The Rich History of Cannabis
THC in BCE: Nature's miracle plant has probably been around longer than you think.
Domestication of the Cannabis Crop
Though we can biologically trace the cannabis plant back millions of years, it’s thought that original human intervention in its growth (or, domestication) started around 12,000 years ago in Central and Southeast Asia.
Our ancestors discovered and developed many useful crops for a wide variety of agricultural purposes. Some of the first domesticated crops were chickpeas, wheat, barley, peas, and flax. Amongst these crops was our beloved cannabis plant.
According to our research, cannabis was originally farmed as hemp. Traditionally speaking, hemp is the descriptor for the cannabis plant when it produces less than 0.3% of Tetrahydrocannabinol (THC). When it produces more than .3% of THC, that cannabis plant is categorized as the “weed,” "ganja," or "Mary Jane" we now know and medicate with.
Ancient cultures probably used hemp, primarily a textile crop, in a variety of ways before honing in on its psychoactive properties. Hemp is excellent for making clothing, rope, paper, and other everyday items. As innovation and industry expanded over time, it’s likely that our ancestors started by using cannabis strictly for these purposes, before discovering that the heated rosin from the female plants could produce a giddy, euphoric sensation. What an enjoyable accident, right?!
Ancient Use of Cannabis for Psychoactive Effects
Before and after discovering the psychoactive properties of cannabis, we can thank nomadic peoples for spreading this multi-purpose crop throughout the rest of the world. They would travel west to Europe, up to northern Asia, southwest to Africa, and finally, all the way to the Americas in the 15th and 16th centuries. The Scythians were a group of Indo-European nomads who likely were responsible for the initial spread of the cannabis plant, as it moved from Asia to the Middle East and Russia.
Once the psychoactive properties of the cannabis plant were discovered, nomadic groups likely took the seeds with them along the Silk Road between China and Iran. It’s probably around this time that strain-specific cannabis farming became popular. Much like we do today, people likely tested the psychoactive effects of different cannabis plant types and focused on those strains accordingly.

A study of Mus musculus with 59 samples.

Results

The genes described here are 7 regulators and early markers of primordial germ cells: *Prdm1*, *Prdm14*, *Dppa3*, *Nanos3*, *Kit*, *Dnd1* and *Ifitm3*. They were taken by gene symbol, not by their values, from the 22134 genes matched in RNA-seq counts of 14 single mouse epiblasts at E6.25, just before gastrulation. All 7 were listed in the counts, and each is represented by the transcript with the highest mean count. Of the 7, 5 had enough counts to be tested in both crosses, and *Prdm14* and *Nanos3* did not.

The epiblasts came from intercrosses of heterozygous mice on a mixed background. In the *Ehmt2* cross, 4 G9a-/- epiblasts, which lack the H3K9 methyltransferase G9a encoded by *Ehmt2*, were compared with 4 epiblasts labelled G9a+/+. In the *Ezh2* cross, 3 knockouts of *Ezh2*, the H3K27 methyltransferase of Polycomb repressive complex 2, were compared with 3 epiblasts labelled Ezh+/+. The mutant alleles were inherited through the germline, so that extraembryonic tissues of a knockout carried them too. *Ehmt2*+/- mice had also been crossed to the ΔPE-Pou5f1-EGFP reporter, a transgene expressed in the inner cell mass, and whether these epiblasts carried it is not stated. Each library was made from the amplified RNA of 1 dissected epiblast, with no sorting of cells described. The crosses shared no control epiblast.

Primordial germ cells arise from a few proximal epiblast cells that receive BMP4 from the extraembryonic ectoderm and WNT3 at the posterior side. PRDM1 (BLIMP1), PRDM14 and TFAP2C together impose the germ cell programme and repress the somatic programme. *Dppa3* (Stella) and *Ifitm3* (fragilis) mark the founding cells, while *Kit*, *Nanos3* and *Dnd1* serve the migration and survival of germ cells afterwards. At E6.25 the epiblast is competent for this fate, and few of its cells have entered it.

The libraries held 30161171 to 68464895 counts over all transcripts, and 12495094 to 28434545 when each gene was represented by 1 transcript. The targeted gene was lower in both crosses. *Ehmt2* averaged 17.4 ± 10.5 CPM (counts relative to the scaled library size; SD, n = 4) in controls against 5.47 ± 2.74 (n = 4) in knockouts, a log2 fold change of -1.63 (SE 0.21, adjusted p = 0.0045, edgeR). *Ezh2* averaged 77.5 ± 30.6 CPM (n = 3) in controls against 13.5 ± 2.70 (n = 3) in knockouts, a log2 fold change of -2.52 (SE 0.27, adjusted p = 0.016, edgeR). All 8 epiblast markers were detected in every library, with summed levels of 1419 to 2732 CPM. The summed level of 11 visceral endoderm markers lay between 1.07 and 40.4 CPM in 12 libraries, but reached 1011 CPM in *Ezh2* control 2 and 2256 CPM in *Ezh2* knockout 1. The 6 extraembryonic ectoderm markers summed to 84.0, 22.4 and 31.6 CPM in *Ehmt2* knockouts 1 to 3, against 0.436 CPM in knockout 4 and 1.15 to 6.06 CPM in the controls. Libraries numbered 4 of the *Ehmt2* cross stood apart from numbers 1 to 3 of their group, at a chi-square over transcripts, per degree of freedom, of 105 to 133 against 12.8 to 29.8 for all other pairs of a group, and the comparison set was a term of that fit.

A lot of these cultures didn’t use the psychoactive effects of cannabis just to “get high,” though. The Hindu religious peoples would incorporate cannabis as a kind of incense during religious ceremonies. They considered it a way to appease the gods (as well as the participants!).
The earliest documented use of cannabis for its psychoactive properties was around 500 B.C.E. in the mountains of western China. Researchers are able to determine the levels of THC that existed in remains from some of the grave sites in this area. It’s believed that mourners would gather around these graves, inhaling the cannabis vapors and experiencing the euphoric sensations collectively. The chemical compounds that were present in these ritual remains can be identified through mass spectrometry. It was around this time in this region that the levels of THC were noted to be higher than of previous cannabis remains, indicating the strategic farming of more psychoactive strains.
History of Medicinal Cannabis
In conjunction with cannabis’s psychoactive properties are its medicinal properties. The earliest documented use of cannabis for medicine is noted in Central/Western China as far back as 2700 B.C.E. We can thank Emperor Shen Nung for this, whose name actually meant “Divine Farmer,” and who is credited with being the “Father of Chinese Medicine.”
Shen Nung is reported to have used cannabis to treat a variety of ailments, and he wasn’t alone in that. The ancient Indian Hindus, Assyrians, Greeks, and even Romans also have texts that suggest the medicinal use of the cannabis plant. Even the ancient Egyptians left behind a piece of papyrus (dated around 1500 B.C.E.) that notes cannabis was used as a topical medical treatment. Cannabis as medicine offered a variety of treatments that aided in our bodies’ biological processes.
While cannabis has been grown in almost every culture for medicine, tool-making, and more, its existence has also been politicized. “Intoxicating” substances have been restricted, prohibited, and used as a means of control over the masses. It’s also been used to promote racial prejudice and fears about unstable economic phases in American history.
Modernization of Medicinal Cannabis
The Americas didn’t get to enjoy the benefits of the cannabis plant until the mid-1500s when the Spanish brought seeds across the Atlantic. Again, the plant was originally used as hemp for tool-making and industrial purposes.
We have medical pioneers such as J. Russel Reynolds (the direct physician to Queen Victoria in 1878) to thank for experimenting with cannabis and its health effects in the modern scientific era. His discoveries helped solidify the potential medicinal benefits for future generations. By the late 1800s, cannabis could be found in pharmacies throughout all of Europe and the United States. The plant was even included in the official United States Pharmacopeia for its various health benefits and treatment options.
As mentioned above, though, politics and restrictions stunted the growth of the cannabis industry throughout the United States by the 1900s. The Prohibition Era resulted in 29 states outlawing cannabis altogether by the year 1931, and the “War on Drugs” only made things even more difficult for the natural health benefits of cannabis to be studied.
We’ll get into more detail about the politics behind the cannabis industry in another article. For now, we encourage you to check out the rest of our cannabis blog to stay educated on the industry, cannabis health benefits, and how we can live naturally side-by-side with the planet and the stars.